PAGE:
How can exercise help someone living with MS?
Knowing what exercises can be safe and effective when living with MS can seem a daunting task.
Not to mention how difficult it can seem to get up and moving when your body doesn’t quite move like it used to, and when getting through other aspects of your life seems to take all of your energy.
But as we as exercise physiologists always say – there is a way to exercise for everyone, and for people living with MS, there is plenty we can do to not only keep moving and staying active, but also to help control the symptoms of MS itself and possibly even improve long term outcomes and progression of the disease itself.
Exercise has been shown to help control fatigue and improve functional capacity (ie, your ability to partake in everyday tasks) as well as improving quality of life, balance, strength and fitness overall. (1) Not only this, but recent evidence suggests that exercise as an early intervention for MS can possibly modify the progression and the nature of the condition itself! (2)
Furthermore, exercise has shown to be totally safe for people living with MS, with no added risk compared to people living without MS (3).
Getting Started – What To Consider
So now we know that exercise is safe and effective for MS, how do we go about getting started? Let’s walk you through some of the key things we work towards to help MS symptoms specifically. Keep in mind, the range of symptoms can be quite broad, and thus a tailored approach is always given to offer the best possible help:
- Strength: Through specific strengthening exercises, we keep the body remaining strong to keep you moving as best you can, both in and out of the gym. Whether it be to help you transfer independently, or keep up your ability to do the household cleaning, strength exercises can help keep you strong and able.
- Balance: Although it may not feel like it, balance is something we can practice and is highly trainable. By incorporating balance exercises, we can start to see an improvement in coordination, reduced falls risk and improved ability to ambulate.
- Fitness: Like everyone, having increased fitness helps tackle a whole range of symptoms and health concerns. Better sleep, more energy, reduced risk of cardiometabolic disease… the list goes on. Building fitness is a key component in all exercise programs, and is possible for everyone at all levels of their MS journey
- Fatigue Management: One of the most common reported symptoms for MS is an increase in fatigue. Through exercise we help reduce this through building better fitness and bodily efficiency to help you get through your day with more energy long term.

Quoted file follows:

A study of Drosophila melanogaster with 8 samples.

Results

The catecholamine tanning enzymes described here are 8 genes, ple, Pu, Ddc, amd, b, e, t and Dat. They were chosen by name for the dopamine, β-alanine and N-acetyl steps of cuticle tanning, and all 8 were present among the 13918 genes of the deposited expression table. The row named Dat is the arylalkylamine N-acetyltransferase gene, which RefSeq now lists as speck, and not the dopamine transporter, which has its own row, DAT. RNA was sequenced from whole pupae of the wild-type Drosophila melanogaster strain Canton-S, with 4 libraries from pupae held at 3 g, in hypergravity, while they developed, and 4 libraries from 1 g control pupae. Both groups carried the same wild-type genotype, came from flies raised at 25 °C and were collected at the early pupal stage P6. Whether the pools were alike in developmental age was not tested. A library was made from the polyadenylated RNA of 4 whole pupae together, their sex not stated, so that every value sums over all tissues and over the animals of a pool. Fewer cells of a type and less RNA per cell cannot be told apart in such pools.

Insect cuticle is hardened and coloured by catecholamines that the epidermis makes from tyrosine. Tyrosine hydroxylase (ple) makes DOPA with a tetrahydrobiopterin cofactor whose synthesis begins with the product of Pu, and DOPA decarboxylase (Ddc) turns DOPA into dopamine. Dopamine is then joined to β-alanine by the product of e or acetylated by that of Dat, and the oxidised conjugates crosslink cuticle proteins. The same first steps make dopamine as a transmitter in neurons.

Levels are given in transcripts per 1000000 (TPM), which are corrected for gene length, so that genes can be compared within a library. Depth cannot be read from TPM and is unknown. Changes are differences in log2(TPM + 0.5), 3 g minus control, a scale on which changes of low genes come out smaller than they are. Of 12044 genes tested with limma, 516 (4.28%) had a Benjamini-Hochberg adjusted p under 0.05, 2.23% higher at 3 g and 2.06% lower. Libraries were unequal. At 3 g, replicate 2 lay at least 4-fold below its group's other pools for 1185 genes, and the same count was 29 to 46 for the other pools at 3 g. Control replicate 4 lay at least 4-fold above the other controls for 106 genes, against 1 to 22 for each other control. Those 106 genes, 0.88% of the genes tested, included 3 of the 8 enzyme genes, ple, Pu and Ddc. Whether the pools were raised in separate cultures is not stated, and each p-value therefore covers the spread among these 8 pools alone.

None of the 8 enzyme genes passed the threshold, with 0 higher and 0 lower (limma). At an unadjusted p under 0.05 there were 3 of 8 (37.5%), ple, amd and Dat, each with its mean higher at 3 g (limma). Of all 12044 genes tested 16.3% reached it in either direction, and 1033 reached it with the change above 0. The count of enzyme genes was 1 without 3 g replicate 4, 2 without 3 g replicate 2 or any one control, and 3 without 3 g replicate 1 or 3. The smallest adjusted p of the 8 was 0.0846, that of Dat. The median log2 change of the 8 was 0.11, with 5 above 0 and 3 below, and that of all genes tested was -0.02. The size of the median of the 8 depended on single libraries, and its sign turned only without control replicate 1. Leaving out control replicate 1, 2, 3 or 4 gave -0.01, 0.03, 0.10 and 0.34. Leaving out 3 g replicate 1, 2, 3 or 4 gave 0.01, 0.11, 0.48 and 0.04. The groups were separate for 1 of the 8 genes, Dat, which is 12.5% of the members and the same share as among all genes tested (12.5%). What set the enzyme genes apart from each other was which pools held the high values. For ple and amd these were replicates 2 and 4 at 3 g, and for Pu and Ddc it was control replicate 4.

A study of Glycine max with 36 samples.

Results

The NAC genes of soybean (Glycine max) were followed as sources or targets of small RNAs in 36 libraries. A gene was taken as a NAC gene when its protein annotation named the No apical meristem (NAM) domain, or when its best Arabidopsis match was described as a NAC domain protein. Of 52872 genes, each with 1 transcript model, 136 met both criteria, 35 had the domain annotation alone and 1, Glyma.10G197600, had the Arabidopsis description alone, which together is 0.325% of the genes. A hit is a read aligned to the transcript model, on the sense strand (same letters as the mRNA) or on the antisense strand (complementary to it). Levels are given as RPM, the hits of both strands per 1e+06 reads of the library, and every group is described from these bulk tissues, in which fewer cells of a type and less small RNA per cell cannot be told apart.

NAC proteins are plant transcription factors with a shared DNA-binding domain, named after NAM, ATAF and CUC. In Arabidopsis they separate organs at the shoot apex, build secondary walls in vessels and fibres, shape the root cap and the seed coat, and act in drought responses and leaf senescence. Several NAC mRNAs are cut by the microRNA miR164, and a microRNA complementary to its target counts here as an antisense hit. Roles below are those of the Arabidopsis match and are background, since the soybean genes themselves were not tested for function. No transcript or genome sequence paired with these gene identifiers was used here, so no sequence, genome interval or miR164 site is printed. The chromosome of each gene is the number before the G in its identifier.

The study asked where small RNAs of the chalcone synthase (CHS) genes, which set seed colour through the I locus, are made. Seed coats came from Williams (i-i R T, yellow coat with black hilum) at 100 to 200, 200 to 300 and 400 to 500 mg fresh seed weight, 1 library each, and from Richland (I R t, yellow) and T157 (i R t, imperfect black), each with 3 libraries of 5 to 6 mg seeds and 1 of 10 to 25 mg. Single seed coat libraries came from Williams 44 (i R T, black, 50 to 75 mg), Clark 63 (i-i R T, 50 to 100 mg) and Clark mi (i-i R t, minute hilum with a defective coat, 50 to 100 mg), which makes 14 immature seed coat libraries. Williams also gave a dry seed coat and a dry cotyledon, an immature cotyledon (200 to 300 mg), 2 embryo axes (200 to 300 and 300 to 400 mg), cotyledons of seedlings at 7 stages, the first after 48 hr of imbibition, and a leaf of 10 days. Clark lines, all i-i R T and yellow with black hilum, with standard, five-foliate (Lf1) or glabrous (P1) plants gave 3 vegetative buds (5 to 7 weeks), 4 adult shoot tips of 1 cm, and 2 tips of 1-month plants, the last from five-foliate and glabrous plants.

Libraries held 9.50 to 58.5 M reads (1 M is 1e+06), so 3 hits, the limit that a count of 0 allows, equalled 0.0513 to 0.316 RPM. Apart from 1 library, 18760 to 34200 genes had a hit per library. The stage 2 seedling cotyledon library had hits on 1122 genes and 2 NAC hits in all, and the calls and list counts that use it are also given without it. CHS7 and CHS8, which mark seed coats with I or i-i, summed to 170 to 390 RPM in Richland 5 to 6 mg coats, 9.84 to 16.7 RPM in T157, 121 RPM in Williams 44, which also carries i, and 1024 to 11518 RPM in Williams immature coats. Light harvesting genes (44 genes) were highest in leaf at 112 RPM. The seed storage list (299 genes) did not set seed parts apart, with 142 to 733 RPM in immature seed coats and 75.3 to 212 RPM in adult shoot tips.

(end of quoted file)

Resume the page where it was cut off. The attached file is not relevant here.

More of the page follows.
Things to remember and some special considerations:
- Exercise does NOT make MS worse (3): While you may feel extra fatigue when exercising particularly hard, or if you are just beginning exercise, it is important to note that this is NOT your condition getting worse, but rather an acute effect of the exercise. Exercise should feel comfortable and should leave you feeling only as fatigued as you feel acceptable, but if fatigue does occur, rest assured that your condition is not progressing from the exercise session that felt difficult, and that exercise is safe.
- You may be heat sensitive: Most people living with MS have a degree of heat sensitivity. Exercise warms the body and can lead to a feeling of hotness and fatigue. Allow for your environment to be at a good temperature for you to avoid overheating.
- Start small and build up: We all have to start somewhere! Start with something that seems achievable, even if its 2-3 small exercises or a quick walk around the block with a friend to grab a coffee. From here, slowly build more and more.
- Doing something is better than nothing: Even if you find it hard to progress, getting some form of movement in will be more effective than none. Do what you can!
- Do something you enjoy and that is suited to you: Find a type of movement you like – Whether it be an activity with friends and family, a group class or a gym program you love.
- Reach out for help if you need it: Getting started with exercise can seem daunting, especially when MS has such a wide range of symptoms and effects different people on different scales. If you aren’t sure what can help you the most or what exercises are best for you specifically, reach out to your closest Exercise Physiologist to help find the best, tailored exercise program to your needs and your specific condition.
Did this blog get you thinking about your health, or someone you know? Feel free to share this article with them, or reach out to our friendly team. You can also book an appointment to see us under the references below
- Halabchi F, Alizadeh Z, Sahraian MA, Abolhasani M. Exercise prescription for patients with multiple sclerosis; potential benefits and practical recommendations. BMC Neurol. 2017;17(1):185. Published 2017 Sep 16. doi:10.1186/s12883-017-0960-9
- Dalgas, U., Langeskov-Christensen, M., Stenager, E. et al. Exercise as Medicine in Multiple Sclerosis—Time for a Paradigm Shift: Preventive, Symptomatic, and Disease-Modifying Aspects and Perspectives. Curr Neurol Neurosci Rep 19, 88 (2019). https://doi.org/10.1007/s11910-019-1002-3
- Lara A. Pilutti, Matthew E. Platta, Robert W. Motl, Amy E. Latimer-Cheung, The safety of exercise training in multiple sclerosis: A systematic review, Journal of the Neurological Sciences, Volume 343, Issues 1–2, 2014, Pages 3-7, ISSN 0022-510X, https://doi.org/10.1016/j.jns.2014.05.016.